Transit Panel Votes to Study 2 Light-Rail Plans, Subway
Rejecting a proposal that could have sidetracked the drive for a San Fernando Valley rail route, the Los Angeles County Transportation Commission on Wednesday voted to study two controversial light-rail routes plus a rival plan to extend the Metro Rail subway across the Valley.
The unanimous vote returns the issue of a Valley rail line almost to its status of last November, when commissioners halted a $1.6-million study of Valley rail routes in the face of growing opposition from vocal and well-organized homeowners.
“This keeps us in the ballgame and keeps all our route options open,” Commissioner Marcia Mednick, a Van Nuys businesswoman, said after the vote Wednesday, referring to competition between the Valley and other areas of the county for rail-construction funds.
Light-rail routes to be studied in an environmental impact report are along the Ventura Freeway from Universal City to Warner Center and along a railroad freight right-of-way that parallels Chandler and Victory boulevards from North Hollywood to Warner Center.
No precise route has been proposed for a cross-Valley Metro Rail extension, but planners have suggested that such a line would largely follow the Chandler-Victory route.
Panel Rejects Delay
In voting to go ahead with the study, the commission rejected a proposal approved Sept. 19 by its Transit Committee to delay any study of Valley rail routes until the City Council chooses between the Valley and other areas of the city in the competition for the next Metro Rail extension.
However, a letter delivered to the commission shortly before Wednesday’s meeting appeared to take the starch out of that plan.
In the letter, seven Valley council members said that such action by the commission would delay or jeopardize a Valley rail line because it would force the council into a “divisive prioritizing of potential Metro Rail extensions between west, east and Valley corridors.”
The commission vote was a sharp blow to about 25 protesters, most of whom live near one of the light-rail lines.
The light-rail opponents, most of whom have gravitated in recent months to support for a cross-Valley subway, urged the commission to drop both light-rail lines, saying the routes would bring noise, congestion and visual blight to residential neighborhoods.
“This is a complete rejection of what we asked for and it will pit the homeowners directly against this commission,” Encino homeowners leader Gerald A. Silver said after the vote.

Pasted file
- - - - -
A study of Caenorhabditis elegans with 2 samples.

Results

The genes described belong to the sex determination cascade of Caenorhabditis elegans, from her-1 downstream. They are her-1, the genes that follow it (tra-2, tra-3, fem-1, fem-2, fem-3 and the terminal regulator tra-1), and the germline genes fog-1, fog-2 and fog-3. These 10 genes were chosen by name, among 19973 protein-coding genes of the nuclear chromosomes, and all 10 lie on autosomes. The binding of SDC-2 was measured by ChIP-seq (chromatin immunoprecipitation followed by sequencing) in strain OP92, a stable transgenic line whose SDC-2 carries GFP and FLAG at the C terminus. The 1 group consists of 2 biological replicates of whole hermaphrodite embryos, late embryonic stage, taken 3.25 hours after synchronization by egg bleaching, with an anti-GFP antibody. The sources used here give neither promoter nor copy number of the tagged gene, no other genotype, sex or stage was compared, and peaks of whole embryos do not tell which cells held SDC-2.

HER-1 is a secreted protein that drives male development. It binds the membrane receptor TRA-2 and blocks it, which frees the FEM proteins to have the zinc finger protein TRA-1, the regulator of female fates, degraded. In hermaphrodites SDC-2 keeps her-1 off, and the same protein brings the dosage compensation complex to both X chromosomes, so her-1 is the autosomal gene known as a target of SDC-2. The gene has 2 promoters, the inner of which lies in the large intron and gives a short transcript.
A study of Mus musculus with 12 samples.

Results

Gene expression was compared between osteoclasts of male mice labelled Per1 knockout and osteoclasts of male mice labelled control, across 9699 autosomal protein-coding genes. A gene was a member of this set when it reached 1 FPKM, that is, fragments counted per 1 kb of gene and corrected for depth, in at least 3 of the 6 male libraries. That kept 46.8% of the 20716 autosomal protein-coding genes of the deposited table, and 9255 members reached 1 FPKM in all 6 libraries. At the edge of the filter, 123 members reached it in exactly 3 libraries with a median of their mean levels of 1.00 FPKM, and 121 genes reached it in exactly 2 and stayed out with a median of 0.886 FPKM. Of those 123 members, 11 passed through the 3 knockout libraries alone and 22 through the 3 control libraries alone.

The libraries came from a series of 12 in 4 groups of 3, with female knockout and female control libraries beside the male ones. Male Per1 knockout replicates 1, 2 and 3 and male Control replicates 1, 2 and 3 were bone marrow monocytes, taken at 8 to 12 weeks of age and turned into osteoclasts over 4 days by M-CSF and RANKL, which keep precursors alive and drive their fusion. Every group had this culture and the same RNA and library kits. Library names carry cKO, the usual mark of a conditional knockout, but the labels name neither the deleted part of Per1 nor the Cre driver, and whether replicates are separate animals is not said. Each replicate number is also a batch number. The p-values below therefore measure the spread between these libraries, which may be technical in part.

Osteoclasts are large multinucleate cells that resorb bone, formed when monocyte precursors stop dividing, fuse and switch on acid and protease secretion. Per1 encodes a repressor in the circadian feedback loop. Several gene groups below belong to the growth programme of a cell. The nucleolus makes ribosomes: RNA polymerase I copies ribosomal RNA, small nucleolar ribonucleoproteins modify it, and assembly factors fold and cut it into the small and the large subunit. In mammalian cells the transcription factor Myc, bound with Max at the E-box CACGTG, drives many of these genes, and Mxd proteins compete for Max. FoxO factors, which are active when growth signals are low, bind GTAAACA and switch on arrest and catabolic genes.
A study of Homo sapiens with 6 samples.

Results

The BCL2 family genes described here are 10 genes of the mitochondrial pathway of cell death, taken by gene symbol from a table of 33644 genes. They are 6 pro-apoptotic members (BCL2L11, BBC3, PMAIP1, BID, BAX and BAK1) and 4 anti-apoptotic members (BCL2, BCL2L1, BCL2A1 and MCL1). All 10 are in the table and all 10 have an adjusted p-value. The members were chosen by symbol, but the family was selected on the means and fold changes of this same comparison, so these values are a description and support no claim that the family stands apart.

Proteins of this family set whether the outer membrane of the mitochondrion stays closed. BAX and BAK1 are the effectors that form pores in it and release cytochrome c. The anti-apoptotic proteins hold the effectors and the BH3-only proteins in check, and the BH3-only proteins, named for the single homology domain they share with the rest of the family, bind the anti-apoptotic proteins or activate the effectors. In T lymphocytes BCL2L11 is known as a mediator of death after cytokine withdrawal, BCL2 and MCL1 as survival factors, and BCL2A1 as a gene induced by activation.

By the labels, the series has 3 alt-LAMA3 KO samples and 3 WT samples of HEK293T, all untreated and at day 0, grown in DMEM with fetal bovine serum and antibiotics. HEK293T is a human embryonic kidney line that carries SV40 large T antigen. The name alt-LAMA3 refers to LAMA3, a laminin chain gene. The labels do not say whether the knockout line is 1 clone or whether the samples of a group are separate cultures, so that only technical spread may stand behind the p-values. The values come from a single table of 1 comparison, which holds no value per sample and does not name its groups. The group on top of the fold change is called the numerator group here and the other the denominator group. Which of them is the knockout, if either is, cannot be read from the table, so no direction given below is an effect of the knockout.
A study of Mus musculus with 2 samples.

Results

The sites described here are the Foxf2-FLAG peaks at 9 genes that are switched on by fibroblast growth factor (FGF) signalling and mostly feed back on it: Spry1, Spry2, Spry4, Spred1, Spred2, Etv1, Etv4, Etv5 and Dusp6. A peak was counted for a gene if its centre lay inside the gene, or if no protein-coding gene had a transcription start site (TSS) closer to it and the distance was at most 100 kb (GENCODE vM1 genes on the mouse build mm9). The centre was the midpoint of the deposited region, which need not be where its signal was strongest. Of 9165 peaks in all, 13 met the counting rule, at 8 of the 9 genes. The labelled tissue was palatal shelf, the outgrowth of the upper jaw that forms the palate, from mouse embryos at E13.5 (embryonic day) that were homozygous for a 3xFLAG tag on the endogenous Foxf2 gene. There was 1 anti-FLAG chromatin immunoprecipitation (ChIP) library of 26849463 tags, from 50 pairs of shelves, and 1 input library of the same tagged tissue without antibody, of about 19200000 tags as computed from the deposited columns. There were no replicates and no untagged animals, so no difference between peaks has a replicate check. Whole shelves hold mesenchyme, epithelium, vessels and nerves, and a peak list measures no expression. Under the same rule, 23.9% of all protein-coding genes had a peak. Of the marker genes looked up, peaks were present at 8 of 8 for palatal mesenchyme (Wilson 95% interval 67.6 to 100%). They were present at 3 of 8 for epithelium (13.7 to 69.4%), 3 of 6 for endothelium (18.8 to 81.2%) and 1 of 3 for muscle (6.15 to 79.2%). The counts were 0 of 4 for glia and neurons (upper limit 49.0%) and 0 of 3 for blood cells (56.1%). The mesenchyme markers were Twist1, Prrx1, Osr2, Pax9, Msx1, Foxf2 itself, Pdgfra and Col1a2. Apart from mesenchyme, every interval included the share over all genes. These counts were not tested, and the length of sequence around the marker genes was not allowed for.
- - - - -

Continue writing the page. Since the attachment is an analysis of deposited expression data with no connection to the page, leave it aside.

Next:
Silver, who played a key role in organizing the opposition that led to the commission’s cancellation of Valley rail studies in November, vowed to “really step things up to get this turned around.”
After halting the Valley rail study last November, the commission challenged the council to choose a route that has broad support.
The council created a 32-member advisory panel, a majority of whose members recommended that either the freeway or the Chandler-Victory routes be selected depending upon the outcome of an environmental study.
The advisory panel was the first group to suggest that Metro Rail be substituted for an elevated or ground-level light-rail line. It proposed that the high-capacity, high-speed subway--expected to be built in North Hollywood by 1997--might be extended westward across the Valley.
That proposal, which advocates acknowledge may be too expensive, survived the council review and Wednesday was incorporated by the commission into the upcoming environmental report.
The commission staff has estimated that a subway to Warner Center would cost $2.7 billion to $3.3 billion, while a part-subway, part-elevated line could be built for $1.8 billion to $2.2 billion.
A Chandler-Victory light-rail line could be built for $700 million to $900 million and an elevated route along the freeway would cost an estimated $1.1 billion to $1.6 billion, the staff estimates.
The staff predicts that the commission will have about $900 million for new rail projects in the next 12 years, but federal matching funds could be available.
The council had also recommended a study of a proposed Sylmar-to-Union Station light-rail route parallel to San Fernando Road, but commissioners voted to reaffirm their previous determination that an east-west line was the top priority for the Valley.
If the council wants a study of the San Fernando Road route, it will have to finance it, the commission said.